We’re drowning in content, but that doesn’t mean you should stop making it. But what you create definitely needs to stand out, which means making something that’s both different and engaging.
The one thing that I think fits both of those criteria are “apps”.
Apps = Interaction
By app, I don’t mean creating something fancy that you need to publish in an app store. It’s merely a shorthand I use to mean “interactive application”, a small piece of code that encourages visitors to interact with it via taps, clicks, swipes and other actions.
It might be a real mobile app. It can also be a plugin you publish in the WordPress directory, a browser add-on, or even a simple quiz you put up on your site. And since we’re all about WordPress plugins here, that’s the kind of app we will talk about below.
Useful Plugins Lead to Sticky Users
People who use plugins often add it to their site to solve a specific problem. But for you, the plugin maker, the app actually does one additional thing. It helps build your authority.
One adage says that the more often people are exposed to your message, the more likely they are to remember it and take action. Ads were a great way to do that before they became expensive. Content was the next best thing but since it was so easy to make online, you’re competing with a lot of other guys who make better content than you.
While content can easily be discarded after use, plugins have a longer life span. If it’s easy to use and produces results, people will use it time and again. That’s multiple exposures right there without having to make new content each time.
And those users are more likely to recommend your plugin, a nice side effect of using it often. More people using your plugin, the more chances they will use your other plugins and eventually try out your products and services.
Who’s Using Plugins for Marketing?
But I’m not alone in discovering this revelation though. A few other keen minds have thought that publishing a free and useful plugin then adding a few small “ads” is a great way to get customers and clients.
Let me show you some examples:
- WordFence. A very powerful plugin that guards your site but it also has a small ad at the side where you can hire security professionals in case you get into more trouble than the plugin can handle.
- H5P. A brilliant plugin for creating interactive content, or in other words: an app that makes apps. Each piece it makes is branded with their logo so if you get curious how you can build a piece similar to the one you’re seeing, one click lets you install the app for yourself.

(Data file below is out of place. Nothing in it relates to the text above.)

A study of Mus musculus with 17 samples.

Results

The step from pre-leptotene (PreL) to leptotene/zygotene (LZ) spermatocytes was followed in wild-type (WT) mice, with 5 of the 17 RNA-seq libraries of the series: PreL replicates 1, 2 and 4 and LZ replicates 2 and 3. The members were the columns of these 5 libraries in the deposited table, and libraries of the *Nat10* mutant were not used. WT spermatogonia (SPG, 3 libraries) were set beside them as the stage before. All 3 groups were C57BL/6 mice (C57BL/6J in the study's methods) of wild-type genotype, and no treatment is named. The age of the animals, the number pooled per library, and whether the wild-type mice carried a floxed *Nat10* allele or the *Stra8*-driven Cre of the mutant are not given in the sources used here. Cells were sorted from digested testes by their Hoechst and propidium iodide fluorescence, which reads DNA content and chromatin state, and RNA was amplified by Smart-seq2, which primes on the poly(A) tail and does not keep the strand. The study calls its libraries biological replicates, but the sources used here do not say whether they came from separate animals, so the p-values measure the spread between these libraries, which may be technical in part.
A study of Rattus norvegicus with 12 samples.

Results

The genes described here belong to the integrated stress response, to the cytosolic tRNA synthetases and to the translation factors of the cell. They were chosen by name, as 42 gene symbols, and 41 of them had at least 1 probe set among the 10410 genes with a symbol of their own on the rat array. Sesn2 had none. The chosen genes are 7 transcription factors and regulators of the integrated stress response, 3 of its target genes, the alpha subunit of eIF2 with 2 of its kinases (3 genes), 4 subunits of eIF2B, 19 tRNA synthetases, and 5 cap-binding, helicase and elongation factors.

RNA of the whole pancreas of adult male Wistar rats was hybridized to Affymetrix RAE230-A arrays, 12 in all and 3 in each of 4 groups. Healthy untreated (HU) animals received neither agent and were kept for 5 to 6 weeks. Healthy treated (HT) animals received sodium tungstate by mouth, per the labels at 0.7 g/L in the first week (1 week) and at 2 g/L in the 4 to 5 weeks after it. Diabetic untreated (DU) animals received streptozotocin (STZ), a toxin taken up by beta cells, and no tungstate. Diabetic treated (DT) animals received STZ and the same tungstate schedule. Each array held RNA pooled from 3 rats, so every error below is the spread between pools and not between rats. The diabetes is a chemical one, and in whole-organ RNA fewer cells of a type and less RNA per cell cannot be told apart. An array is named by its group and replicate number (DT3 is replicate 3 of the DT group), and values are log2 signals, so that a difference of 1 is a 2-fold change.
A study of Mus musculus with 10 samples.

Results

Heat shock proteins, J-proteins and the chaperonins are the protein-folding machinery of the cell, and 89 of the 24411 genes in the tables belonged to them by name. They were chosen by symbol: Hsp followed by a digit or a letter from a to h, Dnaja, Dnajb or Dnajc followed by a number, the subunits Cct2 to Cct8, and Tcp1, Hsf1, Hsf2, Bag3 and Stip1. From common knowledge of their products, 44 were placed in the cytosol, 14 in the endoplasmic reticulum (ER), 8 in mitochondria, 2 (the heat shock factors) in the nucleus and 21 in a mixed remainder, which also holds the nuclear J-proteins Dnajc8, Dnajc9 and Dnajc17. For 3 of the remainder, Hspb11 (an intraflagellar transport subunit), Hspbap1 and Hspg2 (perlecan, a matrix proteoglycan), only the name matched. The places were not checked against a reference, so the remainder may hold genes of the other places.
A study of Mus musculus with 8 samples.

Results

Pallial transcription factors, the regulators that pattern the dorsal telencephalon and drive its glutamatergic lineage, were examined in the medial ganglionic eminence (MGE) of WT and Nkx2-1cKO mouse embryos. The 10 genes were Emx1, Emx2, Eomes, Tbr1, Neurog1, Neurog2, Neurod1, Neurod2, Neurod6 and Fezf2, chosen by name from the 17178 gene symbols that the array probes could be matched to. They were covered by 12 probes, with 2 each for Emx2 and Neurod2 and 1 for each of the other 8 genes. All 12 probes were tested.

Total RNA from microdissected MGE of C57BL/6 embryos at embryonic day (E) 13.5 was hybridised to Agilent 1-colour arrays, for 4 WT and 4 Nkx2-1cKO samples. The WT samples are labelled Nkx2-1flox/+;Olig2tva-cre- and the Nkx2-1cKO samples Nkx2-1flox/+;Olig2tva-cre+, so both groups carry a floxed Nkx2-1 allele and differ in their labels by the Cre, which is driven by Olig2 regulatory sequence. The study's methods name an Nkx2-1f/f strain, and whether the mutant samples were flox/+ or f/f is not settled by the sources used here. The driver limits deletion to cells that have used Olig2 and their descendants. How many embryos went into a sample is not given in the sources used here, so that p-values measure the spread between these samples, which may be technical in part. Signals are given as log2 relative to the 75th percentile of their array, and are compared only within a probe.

- Zotabox. This plugin lets you easily add attention-getters on your site, from popups to countdown timers. Personally, I use it to add Facebook Chat on my pages. It’s easy to configure and try out a few of the free features and once you’re hooked, you can pay for the other options.
- YITH – if you’ve ever dabbled in WooCommerce, you’ve definitely run into at least one of the dozens of plugins made by this company. Their plugins work well but their upsell is a simple nudge to buy their more powerful pro versions.
So I think this method is quite effective if you’re into selling software, and not just WordPress paid themes and plugins. It’s also a way to share your services in a non-salesy and helpful way.
How To Use Plugins for Marketing
If you’ve already made a useful plugin, the next step is to find out how to insert your marketing message inside the app. Here are a few examples:
- Add a can’t-miss link back to your own site in the plugin’s options.
- Insert a link to your sales page on your plugin’s description in the user’s list of plugins. You can even put it right beside the Activate link so they can’t miss it.
- Add a dismissable notice at the top of the page to lead the user to your homepage.
These are just a few of the ideas that other plugin makers have used to market their other products and services. There also other more unsavory ways to promote within your app but I don’t recommend them if you want to really convert the user to a customer.
I’ll probably be creating a brand new post to cover not just how to market your business within your plugin but also how to market the plugin itself.
It might seem like an extra step versus just promoting your business or services directly, but keep in mind that unlike content or ads, plugins stick around a lot longer. And it’s also easier to market something useful and easy to install.
I’ll be adding a link to the new post here once I’ve made it. You can add me on Facebook if you want to get notified when it’s up (I’ll post it on my feed). Or send me your email below.